Lady Seated at a Virginal

From Wikipedia, the free encyclopedia
Jump to navigation Jump to search

Lady Seated at a Virginal
Lady Seated at a Virginal, Vermeer, The National Gallery, London.jpg
Artist Johannes Vermeer
Year c. 1670–72[1]
Medium Oil on canvas
Dimensions 51.5 cm × 45.5 cm (20.3 in × 17.9 in)[1]
Location National Gallery, London

Lady Seated at a Virginal, also known as Young Woman Seated at a Virginal, is a genre painting created by Dutch artist Johannes Vermeer in about 1670–72 and now in the National Gallery, London.[2]

Lady Seated at a Virginal[edit]

Another painting, probably also by Johannes Vermeer known as A Young Woman Seated at the Virginals, belongs to a private collection shows also a young woman seated at a Virginal. This painting and Lady Seated at a Virginal are quite separate works and are each known by alternate names and confusion between those two pieces may exist.

Description[edit]

The picture shows a woman facing left and playing a virginal. In the left foreground is a viola da gamba holding a bow between its strings.[2] A landscape is painted on the inside lid of the virginal, and the painting on the wall is either the original or a copy of The Procuress by Dirck van Baburen (now in the Museum of Fine Arts in Boston), which belonged to Vermeer's mother-in-law.[2]

Commentary[edit]

Because of its style, the painting has been dated to about 1670. It has been suggested that it and Lady Standing at a Virginal (also owned by the National Gallery) may have been created as pendants, because their sizes, date and subject matter are all similar. A recent study has shown that the canvas for the two paintings came from the same bolt.[3] In addition, the ground applied to the canvas appears identical to that used for both the Lady Standing and the New York Young Woman Seated.[4] However their provenances before the 19th century differ, and Vermeer sometimes varied a theme in otherwise unrelated paintings. In the 19th century, both paintings were owned by the art critic Théophile Thoré, whose writings led to a resurgence of interest in Vermeer starting in 1866. The painting entered the National Gallery with the Salting Bequest in 1910.[2]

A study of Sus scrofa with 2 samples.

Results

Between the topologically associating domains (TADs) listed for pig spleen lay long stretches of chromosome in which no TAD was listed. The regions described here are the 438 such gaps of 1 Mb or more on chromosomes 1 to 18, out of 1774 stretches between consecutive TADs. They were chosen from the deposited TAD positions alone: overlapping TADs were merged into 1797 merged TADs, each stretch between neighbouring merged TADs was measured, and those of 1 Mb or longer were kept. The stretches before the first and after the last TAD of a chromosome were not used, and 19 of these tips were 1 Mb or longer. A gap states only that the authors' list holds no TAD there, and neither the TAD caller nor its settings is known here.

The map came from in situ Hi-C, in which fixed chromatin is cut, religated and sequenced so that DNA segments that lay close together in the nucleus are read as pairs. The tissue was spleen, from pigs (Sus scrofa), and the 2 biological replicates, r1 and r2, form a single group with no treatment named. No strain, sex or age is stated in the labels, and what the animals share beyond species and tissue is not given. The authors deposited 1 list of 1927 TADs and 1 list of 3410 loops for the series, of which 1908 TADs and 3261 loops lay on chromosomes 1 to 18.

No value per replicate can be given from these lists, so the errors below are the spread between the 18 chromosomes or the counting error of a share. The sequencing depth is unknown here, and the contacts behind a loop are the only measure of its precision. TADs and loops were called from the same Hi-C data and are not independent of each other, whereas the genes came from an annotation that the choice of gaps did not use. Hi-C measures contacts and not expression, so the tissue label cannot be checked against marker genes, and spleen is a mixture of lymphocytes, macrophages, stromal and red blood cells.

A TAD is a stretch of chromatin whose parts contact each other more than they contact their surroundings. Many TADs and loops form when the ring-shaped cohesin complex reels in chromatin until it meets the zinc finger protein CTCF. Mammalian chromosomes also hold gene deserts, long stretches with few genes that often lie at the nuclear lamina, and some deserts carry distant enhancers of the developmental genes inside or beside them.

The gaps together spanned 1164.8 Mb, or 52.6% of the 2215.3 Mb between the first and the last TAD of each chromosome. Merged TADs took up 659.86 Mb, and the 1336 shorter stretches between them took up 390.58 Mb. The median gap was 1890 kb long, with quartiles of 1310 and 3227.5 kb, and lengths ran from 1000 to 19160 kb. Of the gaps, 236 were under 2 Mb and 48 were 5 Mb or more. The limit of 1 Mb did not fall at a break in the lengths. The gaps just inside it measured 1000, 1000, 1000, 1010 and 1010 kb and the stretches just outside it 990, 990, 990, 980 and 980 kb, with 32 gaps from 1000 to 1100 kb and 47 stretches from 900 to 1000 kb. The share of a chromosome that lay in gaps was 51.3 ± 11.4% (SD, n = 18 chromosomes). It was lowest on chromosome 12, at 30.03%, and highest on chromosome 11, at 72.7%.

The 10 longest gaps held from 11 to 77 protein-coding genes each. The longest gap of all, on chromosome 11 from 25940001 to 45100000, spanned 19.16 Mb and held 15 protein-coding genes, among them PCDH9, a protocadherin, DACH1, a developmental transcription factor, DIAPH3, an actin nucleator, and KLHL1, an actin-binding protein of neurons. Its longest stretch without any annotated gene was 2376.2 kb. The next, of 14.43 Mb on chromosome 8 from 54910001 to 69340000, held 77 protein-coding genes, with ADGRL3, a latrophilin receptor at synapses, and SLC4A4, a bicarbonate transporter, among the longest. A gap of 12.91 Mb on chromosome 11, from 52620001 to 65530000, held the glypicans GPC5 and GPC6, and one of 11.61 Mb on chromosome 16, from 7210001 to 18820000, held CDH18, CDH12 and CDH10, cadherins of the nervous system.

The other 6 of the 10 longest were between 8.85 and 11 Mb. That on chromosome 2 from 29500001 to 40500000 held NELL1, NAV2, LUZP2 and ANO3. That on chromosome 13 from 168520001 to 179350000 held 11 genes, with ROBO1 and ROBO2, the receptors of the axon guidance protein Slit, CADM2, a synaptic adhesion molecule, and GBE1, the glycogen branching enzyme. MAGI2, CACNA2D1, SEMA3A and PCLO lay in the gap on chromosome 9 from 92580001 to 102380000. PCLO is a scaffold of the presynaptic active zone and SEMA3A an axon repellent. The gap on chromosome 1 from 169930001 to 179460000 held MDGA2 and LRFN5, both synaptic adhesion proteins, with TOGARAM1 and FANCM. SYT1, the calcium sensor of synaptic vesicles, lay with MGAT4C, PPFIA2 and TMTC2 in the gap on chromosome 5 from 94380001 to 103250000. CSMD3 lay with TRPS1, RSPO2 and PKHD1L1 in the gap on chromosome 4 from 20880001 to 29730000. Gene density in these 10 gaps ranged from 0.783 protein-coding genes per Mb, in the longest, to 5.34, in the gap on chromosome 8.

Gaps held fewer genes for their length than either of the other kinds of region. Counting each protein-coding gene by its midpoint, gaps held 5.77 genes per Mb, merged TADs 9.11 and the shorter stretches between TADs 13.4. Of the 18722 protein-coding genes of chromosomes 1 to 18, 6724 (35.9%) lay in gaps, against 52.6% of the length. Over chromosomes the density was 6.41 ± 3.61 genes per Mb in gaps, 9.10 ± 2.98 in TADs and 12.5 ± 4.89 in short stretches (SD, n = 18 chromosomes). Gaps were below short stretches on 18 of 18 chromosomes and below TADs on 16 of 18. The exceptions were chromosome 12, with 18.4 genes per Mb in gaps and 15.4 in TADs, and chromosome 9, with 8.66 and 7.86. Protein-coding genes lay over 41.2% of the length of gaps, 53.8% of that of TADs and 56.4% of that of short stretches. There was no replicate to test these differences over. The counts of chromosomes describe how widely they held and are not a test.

The painting is one of several works by Vermeer featuring keyboard instruments, including The Music Lesson, The Concert, and Lady Standing at a Virginal. Scholars believe these may all be based on the same instrument, built by Johannes Ruckers.[5][6]

See also[edit]

Further reading[edit]

References[edit]

  1. ^ a b "Key facts: A Young Woman seated at a Virginal". National Gallery (London) web site. Retrieved 20 September 2009. 
  2. ^ a b c d "A Young Woman Seated at a Virginal". National Gallery, London web site. Retrieved 20 September 2009. 
  3. ^ Liedtke, Walter; Johnson, C. Richard, Jr.; Johnson, Don H. "Canvas matches in Vermeer: a case study in the computer analysis of canvas supports" (PDF). Retrieved 5 May 2013. 
  4. ^ Sheldon, Libby; Costaras, Nicolas (2006). "Johannes Vermeer's Young Woman Seated at a Virginal". Burlington Magazine. 148: 89–97. 
  5. ^ Bennett, William Ralph Jr. The Science of Musical Sound. Springer. p. 82. ISBN 9783319927961. 
  6. ^ Huerta, Robert D. (2003). Giants of Delft: Johannes Vermeer and the Natural Philosophers : the Parallel Search for Knowledge During the Age of Discovery. Bucknell University Press. p. 105. ISBN 9780838755389.